8th International Nannoplankton Association Conference


Oxfordian to Hauterivian calcareous dinoflagellate cyst sequences from NW Bulgaria: vertical distribution and long-distance correlations

Investigations of calcareous dinoflagellate cysts (previously known as cadosinids and stomiosphaerids) started in 1940, with the studies of Wanner on small, spherical forms found in thin-sections from Upper Jurassic and Lower Cretaceous limestones of the East Indian Archipelago. Due to the favourable environmental and facies conditions during Late Jurassic and Early Cretaceous times, the sedimentary rocks in the Carpathian-Balkan area contain diverse microplanktonic organisms, namely calcareous nannofossils, calcareous dinocysts and calpionellids. The mass occurrence of calcareous dinocysts enforces studies on changes, and clarification of their taxonomy and vertical distributions. However, because of strong secondary recrystallisation of the limestones in this area, it was impossible to apply the usual method of studying isolated calcareous dinocysts (Rehakova & Michalik, 1996; Ivanova & Keupp, 1999), but an attempt at correlation with species found in thin-sections has been made.

The present study embraces the biostratigraphic investigations on dinoflagellate cysts from successions of pelagic, nodular, pure micritic and clayey limestones of Oxfordian, Kimmeridgian, Tithonian, Berriasian, Valanginian and Hauterivian (lowermost part) ages in the W Forebalkan and W Balkan, Bulgaria. Five formations have been studied, namely the Javorets, Gintsi, Glozhene, Salash and Simeonovo Formations.

The Yavorets Formation is represented by medium- to thickly-bedded, grey micritic limestones. The thickness of the formation in the studied area is about 15m. The Gintsi Formation is built up of grey to pink, variously clayey limestones with nodular structure, irregularly intercalated with micritic and intraclastic limestones (ammonitico rosso facies). The thickness of the formation in the investigated area is from 3m to 17m. The Glozhene Formation is represented by dark grey to grey, hard micritic limestones with intraclasts. The thickness of the formation in the studied sections varies from 30m to 107m. The Salash Formation is built up of alternating micritic limestones, clayey limestones and marls. The studied part of the formation is from 5m to 108m thick. The Simeonovo Formation is built up of thickly-bedded to massive, pale grey to whitish, organogenic and, less commonly, micritic limestones. The thickness of the formation in the investigated section is about 25m.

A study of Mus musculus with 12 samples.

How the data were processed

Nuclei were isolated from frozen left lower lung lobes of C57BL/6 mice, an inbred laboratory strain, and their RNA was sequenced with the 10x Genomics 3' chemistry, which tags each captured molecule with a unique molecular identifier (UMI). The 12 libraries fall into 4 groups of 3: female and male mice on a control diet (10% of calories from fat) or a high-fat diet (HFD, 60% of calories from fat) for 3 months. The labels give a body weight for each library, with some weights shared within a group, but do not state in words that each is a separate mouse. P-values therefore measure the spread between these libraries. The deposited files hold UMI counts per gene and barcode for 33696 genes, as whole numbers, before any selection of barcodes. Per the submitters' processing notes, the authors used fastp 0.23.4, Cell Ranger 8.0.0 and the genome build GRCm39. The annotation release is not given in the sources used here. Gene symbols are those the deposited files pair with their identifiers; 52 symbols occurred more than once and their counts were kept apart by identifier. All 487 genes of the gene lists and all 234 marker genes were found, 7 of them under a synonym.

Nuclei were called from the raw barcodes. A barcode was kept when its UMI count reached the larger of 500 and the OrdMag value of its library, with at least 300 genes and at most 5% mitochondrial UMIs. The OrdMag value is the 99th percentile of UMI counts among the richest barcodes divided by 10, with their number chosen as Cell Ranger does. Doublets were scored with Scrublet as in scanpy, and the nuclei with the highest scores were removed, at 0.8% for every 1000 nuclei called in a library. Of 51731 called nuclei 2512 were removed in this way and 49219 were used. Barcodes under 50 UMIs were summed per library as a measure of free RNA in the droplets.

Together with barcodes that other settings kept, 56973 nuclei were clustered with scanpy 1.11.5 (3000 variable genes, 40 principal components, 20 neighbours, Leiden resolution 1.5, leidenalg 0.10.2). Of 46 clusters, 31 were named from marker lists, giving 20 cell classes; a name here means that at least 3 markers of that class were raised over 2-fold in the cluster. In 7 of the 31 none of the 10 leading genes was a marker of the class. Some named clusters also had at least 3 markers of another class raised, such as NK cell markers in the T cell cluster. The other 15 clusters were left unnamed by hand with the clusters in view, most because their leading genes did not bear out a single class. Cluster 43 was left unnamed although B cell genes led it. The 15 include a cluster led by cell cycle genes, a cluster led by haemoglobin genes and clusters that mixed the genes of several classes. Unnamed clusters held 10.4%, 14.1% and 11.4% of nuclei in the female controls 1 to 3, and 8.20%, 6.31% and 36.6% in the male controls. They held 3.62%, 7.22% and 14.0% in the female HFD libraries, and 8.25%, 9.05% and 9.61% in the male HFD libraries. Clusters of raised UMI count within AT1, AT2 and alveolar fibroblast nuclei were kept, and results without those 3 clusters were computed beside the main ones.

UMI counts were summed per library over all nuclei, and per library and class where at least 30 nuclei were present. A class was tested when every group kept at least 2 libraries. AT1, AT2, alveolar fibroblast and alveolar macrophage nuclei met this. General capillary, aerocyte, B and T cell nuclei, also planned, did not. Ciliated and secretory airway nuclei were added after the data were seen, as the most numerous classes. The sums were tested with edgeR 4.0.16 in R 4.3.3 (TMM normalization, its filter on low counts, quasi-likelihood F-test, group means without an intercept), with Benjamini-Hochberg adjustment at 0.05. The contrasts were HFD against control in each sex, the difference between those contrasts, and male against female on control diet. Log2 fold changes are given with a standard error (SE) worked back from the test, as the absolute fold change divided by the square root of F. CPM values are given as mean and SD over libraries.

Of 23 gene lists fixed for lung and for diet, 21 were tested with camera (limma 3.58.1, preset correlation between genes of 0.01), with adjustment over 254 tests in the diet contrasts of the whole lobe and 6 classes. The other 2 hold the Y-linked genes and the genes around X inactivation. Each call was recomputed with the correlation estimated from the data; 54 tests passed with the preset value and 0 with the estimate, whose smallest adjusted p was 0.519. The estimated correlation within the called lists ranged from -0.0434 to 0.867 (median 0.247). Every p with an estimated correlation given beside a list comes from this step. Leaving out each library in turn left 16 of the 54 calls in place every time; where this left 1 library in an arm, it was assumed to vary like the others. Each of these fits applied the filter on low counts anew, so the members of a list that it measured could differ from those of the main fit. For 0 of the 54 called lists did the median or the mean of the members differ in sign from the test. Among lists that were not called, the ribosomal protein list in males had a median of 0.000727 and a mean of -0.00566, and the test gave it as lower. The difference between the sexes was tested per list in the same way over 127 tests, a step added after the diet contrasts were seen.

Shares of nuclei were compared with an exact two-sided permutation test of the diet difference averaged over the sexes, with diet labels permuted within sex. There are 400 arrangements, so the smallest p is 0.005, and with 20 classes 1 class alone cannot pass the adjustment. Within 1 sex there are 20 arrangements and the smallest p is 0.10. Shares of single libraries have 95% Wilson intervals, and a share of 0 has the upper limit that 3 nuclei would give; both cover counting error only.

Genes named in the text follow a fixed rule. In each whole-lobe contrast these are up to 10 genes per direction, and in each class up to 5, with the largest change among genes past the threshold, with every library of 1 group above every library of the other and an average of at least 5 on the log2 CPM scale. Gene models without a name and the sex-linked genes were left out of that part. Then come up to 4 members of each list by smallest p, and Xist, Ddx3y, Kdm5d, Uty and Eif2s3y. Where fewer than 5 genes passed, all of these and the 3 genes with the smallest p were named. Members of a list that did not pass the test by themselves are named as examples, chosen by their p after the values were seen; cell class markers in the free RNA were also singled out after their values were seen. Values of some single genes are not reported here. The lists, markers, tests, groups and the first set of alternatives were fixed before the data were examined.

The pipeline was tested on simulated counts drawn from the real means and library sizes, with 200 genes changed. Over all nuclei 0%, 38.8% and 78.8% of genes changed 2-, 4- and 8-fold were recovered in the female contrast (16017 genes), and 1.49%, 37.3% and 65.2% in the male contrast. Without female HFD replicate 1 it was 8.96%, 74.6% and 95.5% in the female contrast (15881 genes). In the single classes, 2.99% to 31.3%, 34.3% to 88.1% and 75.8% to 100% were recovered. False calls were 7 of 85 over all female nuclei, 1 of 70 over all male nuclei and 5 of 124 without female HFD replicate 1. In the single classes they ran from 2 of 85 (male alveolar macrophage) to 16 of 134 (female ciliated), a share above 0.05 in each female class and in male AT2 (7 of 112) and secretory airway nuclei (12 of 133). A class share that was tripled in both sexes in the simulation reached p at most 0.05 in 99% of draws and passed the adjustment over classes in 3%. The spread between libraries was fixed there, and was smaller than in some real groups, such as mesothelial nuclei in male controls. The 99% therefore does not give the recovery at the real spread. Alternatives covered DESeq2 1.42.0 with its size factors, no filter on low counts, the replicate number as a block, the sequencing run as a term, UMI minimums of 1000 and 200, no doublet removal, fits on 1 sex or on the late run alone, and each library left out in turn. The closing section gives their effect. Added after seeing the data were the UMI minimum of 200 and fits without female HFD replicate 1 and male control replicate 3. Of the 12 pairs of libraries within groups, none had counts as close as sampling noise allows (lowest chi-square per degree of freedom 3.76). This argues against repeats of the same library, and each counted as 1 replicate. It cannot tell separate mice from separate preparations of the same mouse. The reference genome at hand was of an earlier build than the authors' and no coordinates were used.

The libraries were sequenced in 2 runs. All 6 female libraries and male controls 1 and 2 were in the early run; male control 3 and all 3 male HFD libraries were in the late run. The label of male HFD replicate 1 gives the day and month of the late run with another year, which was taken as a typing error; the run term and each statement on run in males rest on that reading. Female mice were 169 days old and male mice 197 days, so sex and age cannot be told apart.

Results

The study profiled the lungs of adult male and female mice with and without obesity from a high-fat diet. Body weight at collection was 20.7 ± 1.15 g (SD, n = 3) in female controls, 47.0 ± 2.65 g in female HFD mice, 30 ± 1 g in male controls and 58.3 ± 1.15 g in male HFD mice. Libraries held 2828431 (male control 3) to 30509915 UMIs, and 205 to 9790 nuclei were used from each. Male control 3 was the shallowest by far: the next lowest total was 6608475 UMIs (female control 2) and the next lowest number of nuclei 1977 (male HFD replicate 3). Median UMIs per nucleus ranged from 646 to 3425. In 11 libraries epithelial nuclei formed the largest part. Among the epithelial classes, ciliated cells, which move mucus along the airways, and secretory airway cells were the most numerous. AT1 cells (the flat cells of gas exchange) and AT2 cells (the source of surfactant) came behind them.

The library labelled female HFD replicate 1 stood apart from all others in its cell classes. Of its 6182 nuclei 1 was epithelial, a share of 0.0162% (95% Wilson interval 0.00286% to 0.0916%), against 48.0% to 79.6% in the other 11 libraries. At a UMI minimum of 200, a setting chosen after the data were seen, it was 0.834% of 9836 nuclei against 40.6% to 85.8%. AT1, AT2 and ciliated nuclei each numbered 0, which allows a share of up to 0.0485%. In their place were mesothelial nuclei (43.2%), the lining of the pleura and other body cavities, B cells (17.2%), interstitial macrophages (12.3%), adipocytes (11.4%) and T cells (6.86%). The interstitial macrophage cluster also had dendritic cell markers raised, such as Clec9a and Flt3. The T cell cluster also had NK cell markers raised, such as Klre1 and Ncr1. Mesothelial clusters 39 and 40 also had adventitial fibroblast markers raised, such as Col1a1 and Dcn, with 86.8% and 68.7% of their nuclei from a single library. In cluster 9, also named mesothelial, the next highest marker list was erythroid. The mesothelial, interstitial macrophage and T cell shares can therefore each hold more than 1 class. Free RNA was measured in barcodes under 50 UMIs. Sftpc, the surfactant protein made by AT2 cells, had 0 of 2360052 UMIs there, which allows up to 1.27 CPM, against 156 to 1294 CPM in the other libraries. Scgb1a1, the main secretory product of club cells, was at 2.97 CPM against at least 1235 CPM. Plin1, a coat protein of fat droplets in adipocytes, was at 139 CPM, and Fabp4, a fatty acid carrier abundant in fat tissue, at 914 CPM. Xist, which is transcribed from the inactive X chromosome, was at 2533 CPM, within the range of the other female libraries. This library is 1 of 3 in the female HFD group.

A detailed sampling has been carried out on five reference sections: Barlya (B), Ruzhintsi (R), Nikolovo (N), Gorno Belotintsi-1 (GB-1) and Gorno Belotintsi-2 (GB-2), and the calcareous dinoflagellate cyst sequences have been studied. Their vertical distribution, diversity and abundance, as well as the parallel correlation with calpionellids and calcareous nannofossils in the same sections, enables revision of the previously-established biozonations.

As a result, the following 13 biointerval zones, based on the first occurrences of the index-species, have been proposed: C. fibrata Biozone (Oxfordian); C. parvula Biozone (Early Kimmeridgian); S. moluccana Biozone (Middle Kimmeridgian); C. borzai Biozone (Late Kimmeridgian); C. tithonica Biozone (Kimmeridgian/Tithonian boundary interval); P. malmica (Early Tithonian); C. tenuis (Middle Tithonian); C. fortis (earliest Late Tithonian); S. proxima (Late Tithonian-Late Berriasian; S. wanneri (latest Berriasian); C. conferta (Early Valanginian); C. valanginiana (earliest Late Valanginian); S. echinata (Late Valanginian). Besides these biozones, a new one, named C. nowaki (Early Hauterivian), has been introduced. The results obtained permit long-distance correlations across the whole Carpathian-Balkan realm.


Ivanova, D. & Keupp, H. 1999. Calcareous dinoflagellate cysts from the Late Jurassic and Early Cretaceous of the Western Forebalkan, Bulgaria. Berliner Geowiss. Abh., E0; 3-31.

Lakova, I., Stoykova, K. & Ivanova, D. 1999. Calpionellid, nannofossil and calcareous dinocyst bioevents and integrated biochronology of the Tithonian to Valanginian in the Western Balkanides, Bulgaria. Geol. Carpathica, 50(2): 1-18.

Rehakova, D. & Michalik, J. 1996. Stomiosphaera or Orthopithonella? Cadosina or Obliquipithonella? Notes on ultrastructure and systematic position of some Jurassic-Cretaceous calcareous dinoflagellates from Western Carpathians. Miner. Slovaca, 28: 92-98.

Wanner, J. 1940. Gesteinbildende Foraminiferen aus Malm und Unterkreide des Ostindischen Archipels. Paläont. Z., 22(2): 75-99.